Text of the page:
Financial products were hit in many different ways. Let’s look at how they were hit by the financial crisis. Read on to find out.
How were Personal Loans Affected?
In real terms both bank overdrafts and personal loans have become more expensive than they were before the credit crunch. There are a few exceptions. These are where banks or financial institutions offer headline deals but many are only guaranteed a lower rate for a certain period of time. And, these are also subject to the amount you borrow. In addition, the strict criteria now in place concerning credit ratings means that only the most creditworthy applicants may receive acceptance for a loan. Overdraft costs have also increased from an average of 17% in 2007 to around 19.5% at the current time.
Losers in the borrowing stakes are anyone with a poor credit score. They need to pay a higher rate of interest for a loan (if they are accepted). This includes those people making constant use of their overdraft for the costs of everyday living. Winners are generally those people who are able to reduce their unsecured borrowing by paying off debts. Including the people with excellent credit scores who have had access to the lower interest rates. Direct lenders have now become wary and are constantly reducing their liability to risk.
How were Credit Cards Affected?
In spite of the fact that the base rate has been consistently low since 2008, credit card interest rates have remained high. In some cases, they have become higher than before the crisis. On the other side however, the 0% interest offers have become available for longer periods of time. However, this only applies to those that can take advantage of the deals. This means that the winners in this section are the best risks i.e. people with excellent credit scores. They have longer periods of interest free credit available and in some cases this applies to both the transfer of balances and to new purchases. Losers, on the other hand, are those people who are stuck with variable rate cards as they are now paying more in interest than before 2007.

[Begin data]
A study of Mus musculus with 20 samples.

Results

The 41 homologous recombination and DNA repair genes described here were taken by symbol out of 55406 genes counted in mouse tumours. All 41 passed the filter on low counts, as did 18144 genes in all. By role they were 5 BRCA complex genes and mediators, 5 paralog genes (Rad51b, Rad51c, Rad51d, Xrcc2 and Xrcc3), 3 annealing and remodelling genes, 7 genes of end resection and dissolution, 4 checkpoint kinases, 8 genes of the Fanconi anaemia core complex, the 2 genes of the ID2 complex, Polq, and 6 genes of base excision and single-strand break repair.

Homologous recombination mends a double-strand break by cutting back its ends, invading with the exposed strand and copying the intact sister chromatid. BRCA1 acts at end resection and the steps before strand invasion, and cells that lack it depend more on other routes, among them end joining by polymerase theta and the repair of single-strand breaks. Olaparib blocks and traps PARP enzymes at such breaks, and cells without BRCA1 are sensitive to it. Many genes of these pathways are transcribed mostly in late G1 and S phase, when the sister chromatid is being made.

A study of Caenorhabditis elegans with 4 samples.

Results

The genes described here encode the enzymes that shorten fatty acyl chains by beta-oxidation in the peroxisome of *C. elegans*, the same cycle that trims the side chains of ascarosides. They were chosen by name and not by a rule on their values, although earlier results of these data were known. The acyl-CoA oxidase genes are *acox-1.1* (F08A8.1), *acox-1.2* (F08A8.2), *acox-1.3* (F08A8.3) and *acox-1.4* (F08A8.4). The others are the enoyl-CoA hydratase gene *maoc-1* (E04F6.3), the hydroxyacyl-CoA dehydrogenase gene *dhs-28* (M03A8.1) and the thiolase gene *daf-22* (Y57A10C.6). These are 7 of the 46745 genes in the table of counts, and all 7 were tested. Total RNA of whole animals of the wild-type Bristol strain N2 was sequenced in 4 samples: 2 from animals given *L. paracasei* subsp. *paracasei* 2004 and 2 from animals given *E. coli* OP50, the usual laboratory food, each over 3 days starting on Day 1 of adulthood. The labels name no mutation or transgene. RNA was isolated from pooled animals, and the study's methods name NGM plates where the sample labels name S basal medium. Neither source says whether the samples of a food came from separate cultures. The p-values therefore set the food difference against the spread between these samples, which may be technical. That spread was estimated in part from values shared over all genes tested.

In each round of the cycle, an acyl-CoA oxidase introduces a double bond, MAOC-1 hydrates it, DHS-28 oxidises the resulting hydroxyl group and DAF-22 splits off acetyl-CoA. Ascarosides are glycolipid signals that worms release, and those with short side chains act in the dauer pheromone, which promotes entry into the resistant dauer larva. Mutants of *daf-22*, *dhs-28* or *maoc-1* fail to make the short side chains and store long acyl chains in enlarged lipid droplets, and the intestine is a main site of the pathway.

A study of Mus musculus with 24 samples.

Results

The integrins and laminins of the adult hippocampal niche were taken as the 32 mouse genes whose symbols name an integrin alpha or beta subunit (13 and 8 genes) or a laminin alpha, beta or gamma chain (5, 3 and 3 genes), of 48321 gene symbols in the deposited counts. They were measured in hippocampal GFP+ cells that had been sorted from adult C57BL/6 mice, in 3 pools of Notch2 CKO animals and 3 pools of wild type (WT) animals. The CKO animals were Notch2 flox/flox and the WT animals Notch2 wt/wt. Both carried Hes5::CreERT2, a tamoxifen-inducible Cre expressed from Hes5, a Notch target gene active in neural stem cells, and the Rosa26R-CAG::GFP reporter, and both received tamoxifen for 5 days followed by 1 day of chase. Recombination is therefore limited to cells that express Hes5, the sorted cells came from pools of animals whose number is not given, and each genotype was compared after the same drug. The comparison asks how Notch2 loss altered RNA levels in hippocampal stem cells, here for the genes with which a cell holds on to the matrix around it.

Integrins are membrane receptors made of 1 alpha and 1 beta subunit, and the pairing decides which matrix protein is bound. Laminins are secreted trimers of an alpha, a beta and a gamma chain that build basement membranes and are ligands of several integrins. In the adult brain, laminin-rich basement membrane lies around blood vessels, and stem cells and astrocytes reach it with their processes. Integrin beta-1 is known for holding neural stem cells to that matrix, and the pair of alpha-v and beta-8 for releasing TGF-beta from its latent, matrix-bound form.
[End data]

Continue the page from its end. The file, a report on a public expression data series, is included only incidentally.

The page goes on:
How was Property Affected?
Generally, the owners of property have been losers in the period since the financial crisis. House prices were at their peak before the crash in 2007. However, after a considerable fall in value they have not yet regained their previous level. First time buyers have been particularly singled out as struggling due to the deposit hike to a minimum of 20%. If you consider that this means a deposit of £32,000 for an average house, it is clear that fewer young people can raise this sum and this has contributed to the slowdown in the housing market.
Conversely, the prices of homes in London has been consistently rising over the previous years thereby proving that location is the most important factor for house values. Thus, house owners in London have become the winners with a consistent annual rise in the value of their properties. The main losers are would be first time buyers of property. Many of thsee people have found it impossible to get a mortgage that would allow them to get the first foot on the housing ladder.
Conclusion – How were Financial Products Affected?
The impact of the financial crisis of 2007 has been felt throughout the length and breadth of the UK. Factors include redundancies, lower pay rises, cuts to public services and a rise in the cost of living and other financial products. This has meant that many families have struggled to cope in the aftermath of the credit crunch. Looking at the information above it does show that there have been some winners following the crisis. However, in the main these are people who were already protected against the down turn in the economy.
These included groups of people with low debts, high savings and those with small mortgages. The biggest losers have been those people with a high amount of personal loan debt and a mortgage on a property that is in negative equity. Young people have also been losers as they have been unable to secure regular employment at a decent wage. They are also unable to even think about trying to buy a home of their own. The effects of the financial crisis on many financial products will be with the citizens of the UK for long time to come.
To read about the impact on the UK by the global economy click here.